Small Business Owners Need to Plan an Exit Strategy

The United States Small Business Administration defines a "Small Business" as generally one with less than 500 employees. Of the approximately 29 million businesses in the United States, 99% are, by definition, a small business. Ohio has approximately 927,000 small businesses representing 98% of all companies in Ohio, and those companies employ 46% of the Ohio workforce. A recent study published by Babson College estimates that more than 50% of America's small business owners are over the age of 50. Do they all have an exit strategy?

The Defend Trade Secrets Act - A Brief Overview

On May 11, 2016, the Defend Trade Secrets Act ("DTSA") became federal law. The DTSA is intended to promote uniform protection for trade secrets, not unlike federal protections afforded to trademarks, copyrights, and patents. Before the DTSA was enacted, the law of trade secrets was primarily governed by state law (many states adopted a version of the Uniform Trade Secrets Act, but standards vary from state to state). The DTSA applies to trade secret misappropriation occurring on or after May 11, 2016 provided the trade secrets are related to a product or service used in or intended for use in interstate or foreign commerce.

Motor Vehicle Repair Shops: Consumer Laws That Should be Reflected in the Way You do Business

Developing best practices for your business is essential to avoiding unnecessary liability and consumer initiated claims against you. As part of that process, repair and service shop owners need to become familiar with the Ohio Consumer Sales Practices Act ("CSPA"). The CSPA requires motor vehicle repair and service providers to comply with specific and detailed requirements.

Does an "S corporation" fit your business?

The "S Corporation" has been popular with business owners since its inception back in 1958 to present day. Each year, there are over 4.5 million tax returns filed by S corporations, which is more than any other business entity. Why is the S corporation election so popular?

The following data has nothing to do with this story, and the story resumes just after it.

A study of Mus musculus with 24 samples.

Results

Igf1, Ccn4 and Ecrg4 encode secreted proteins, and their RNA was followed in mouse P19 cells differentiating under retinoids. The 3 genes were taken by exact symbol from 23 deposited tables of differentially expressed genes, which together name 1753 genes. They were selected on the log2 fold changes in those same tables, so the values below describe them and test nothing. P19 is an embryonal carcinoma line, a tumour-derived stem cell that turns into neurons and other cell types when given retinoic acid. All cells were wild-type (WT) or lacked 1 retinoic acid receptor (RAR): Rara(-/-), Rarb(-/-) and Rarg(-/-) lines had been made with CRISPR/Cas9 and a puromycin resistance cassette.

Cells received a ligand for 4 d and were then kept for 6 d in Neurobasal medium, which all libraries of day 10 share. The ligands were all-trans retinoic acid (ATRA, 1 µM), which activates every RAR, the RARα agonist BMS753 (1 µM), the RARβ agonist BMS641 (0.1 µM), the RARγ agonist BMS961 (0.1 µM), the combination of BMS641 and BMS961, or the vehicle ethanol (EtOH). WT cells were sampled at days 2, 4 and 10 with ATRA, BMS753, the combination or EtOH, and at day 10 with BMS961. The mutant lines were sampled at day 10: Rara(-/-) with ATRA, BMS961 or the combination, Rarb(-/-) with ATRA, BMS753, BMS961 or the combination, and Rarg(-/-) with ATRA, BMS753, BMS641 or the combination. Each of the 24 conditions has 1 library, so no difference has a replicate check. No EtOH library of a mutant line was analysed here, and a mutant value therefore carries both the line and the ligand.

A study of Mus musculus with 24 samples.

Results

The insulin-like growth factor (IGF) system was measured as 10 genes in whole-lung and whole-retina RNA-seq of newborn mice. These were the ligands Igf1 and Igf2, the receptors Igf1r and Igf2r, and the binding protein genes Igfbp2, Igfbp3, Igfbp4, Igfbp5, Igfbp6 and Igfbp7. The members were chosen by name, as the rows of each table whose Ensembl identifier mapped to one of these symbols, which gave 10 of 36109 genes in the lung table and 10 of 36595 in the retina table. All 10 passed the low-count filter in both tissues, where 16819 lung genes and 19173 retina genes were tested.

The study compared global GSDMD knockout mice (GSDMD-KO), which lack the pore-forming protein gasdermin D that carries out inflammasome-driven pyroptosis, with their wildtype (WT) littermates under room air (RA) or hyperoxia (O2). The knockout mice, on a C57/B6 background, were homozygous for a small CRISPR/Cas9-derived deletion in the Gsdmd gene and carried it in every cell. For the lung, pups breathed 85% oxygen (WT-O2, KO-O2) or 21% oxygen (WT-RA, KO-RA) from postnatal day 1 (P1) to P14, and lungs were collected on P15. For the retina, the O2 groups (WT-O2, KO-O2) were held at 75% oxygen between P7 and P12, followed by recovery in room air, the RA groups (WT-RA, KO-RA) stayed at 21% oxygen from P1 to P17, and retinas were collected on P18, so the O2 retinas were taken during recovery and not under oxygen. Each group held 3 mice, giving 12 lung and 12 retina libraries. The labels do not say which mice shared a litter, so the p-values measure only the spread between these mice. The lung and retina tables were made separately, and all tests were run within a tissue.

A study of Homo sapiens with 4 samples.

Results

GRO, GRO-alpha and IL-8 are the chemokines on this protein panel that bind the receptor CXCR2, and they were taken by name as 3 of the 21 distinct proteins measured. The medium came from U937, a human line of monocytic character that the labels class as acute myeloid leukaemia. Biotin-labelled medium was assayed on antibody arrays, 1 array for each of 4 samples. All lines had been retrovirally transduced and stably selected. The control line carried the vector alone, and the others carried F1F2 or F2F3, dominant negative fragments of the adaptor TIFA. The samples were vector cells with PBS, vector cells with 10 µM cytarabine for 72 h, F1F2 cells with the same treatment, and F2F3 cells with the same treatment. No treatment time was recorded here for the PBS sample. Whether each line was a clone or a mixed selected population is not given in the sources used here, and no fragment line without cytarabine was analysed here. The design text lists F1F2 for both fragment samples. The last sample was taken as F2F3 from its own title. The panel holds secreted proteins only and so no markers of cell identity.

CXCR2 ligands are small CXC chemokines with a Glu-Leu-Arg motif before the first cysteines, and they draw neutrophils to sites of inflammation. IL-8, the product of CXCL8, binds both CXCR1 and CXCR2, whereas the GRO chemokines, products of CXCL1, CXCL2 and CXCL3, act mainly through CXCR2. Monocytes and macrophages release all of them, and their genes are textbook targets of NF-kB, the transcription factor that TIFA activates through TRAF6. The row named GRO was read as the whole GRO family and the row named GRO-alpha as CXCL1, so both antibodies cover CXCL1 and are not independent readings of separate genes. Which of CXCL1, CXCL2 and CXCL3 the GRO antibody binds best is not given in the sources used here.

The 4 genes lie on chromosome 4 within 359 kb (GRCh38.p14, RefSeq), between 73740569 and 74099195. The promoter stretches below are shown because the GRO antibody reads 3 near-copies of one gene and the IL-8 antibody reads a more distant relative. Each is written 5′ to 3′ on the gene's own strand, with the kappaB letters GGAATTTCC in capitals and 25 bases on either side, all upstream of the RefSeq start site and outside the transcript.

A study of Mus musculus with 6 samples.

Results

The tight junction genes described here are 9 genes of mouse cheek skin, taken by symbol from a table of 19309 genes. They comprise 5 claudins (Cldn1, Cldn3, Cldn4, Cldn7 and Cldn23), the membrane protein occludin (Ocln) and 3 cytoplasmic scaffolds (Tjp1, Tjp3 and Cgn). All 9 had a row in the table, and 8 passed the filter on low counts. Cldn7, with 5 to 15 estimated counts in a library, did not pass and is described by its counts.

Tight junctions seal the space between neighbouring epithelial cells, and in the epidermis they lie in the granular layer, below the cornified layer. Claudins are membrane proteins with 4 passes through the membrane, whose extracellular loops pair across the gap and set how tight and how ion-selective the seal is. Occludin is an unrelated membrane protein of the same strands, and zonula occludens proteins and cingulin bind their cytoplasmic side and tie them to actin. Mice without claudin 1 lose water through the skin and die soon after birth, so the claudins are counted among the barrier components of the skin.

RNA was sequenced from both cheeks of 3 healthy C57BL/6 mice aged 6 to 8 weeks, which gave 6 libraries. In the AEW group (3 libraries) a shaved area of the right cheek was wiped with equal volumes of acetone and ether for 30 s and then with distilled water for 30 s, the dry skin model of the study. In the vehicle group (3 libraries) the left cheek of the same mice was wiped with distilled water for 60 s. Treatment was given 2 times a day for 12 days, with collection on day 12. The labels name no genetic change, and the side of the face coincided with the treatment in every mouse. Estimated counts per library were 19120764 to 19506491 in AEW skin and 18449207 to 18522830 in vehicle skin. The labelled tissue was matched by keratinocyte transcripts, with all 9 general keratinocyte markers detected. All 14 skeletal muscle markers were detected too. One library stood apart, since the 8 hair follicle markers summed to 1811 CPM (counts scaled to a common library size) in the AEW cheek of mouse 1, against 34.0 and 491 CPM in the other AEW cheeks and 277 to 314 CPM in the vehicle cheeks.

How do I know which business organization type is right for me?

Just as no one pair of shoes fits everyone properly, so too is there a need for more than one type of business organization in Ohio. Different ways of organizing your new business have their own advantages and disadvantages. Which one is right for you depends in large part on what type of business you are creating, and your goals and plans for the business.

So You Just Started Your Own Business - Now What?

The opportunities and advantages associated with being your own boss and operating your own business are endless. However, with great opportunity comes great risk. Although getting out of the red and into the black is understandably your top priority, equally as important is avoiding legal pitfalls that can compromise your business assets, and possibly your personal ones.

Putting the Money Where Its Mouth Is: DOL Funds 19 States' Independent Contractor Misclassification Crackdown

On September 15, the U.S. Department of Labor announced its award of $10.2 million in grants to 19 states to aid in their worker misclassification detection and enforcement efforts in unemployment insurance programs. Ohio is not a grant recipient, but our next door neighbor, Indiana, is receiving a hefty sum of $500,000.

Recent Ruling May Allow for Unionization Among NCAA Athletes

The board of directors of the National Collegiate Athletic Association (NCAA) has granted the largest college athletic programs in the country with partial autonomy. The move, approved by the board in a 16-2 vote, could allow members of the NCAA's five wealthiest conferences to provide benefits to student-athletes beyond scholarships and increased health care coverage.

If We Only had "WWW.OURNAME.COM"

Internet domain names are a critical aspect of your company's overall brand identity, image, and marketing portfolio. Your website is a gateway for your customers to learn about your business and contact you in an efficient way. The trading in domain names can be a lucrative business with some domain names trading for $20,000 or more on the secondary market.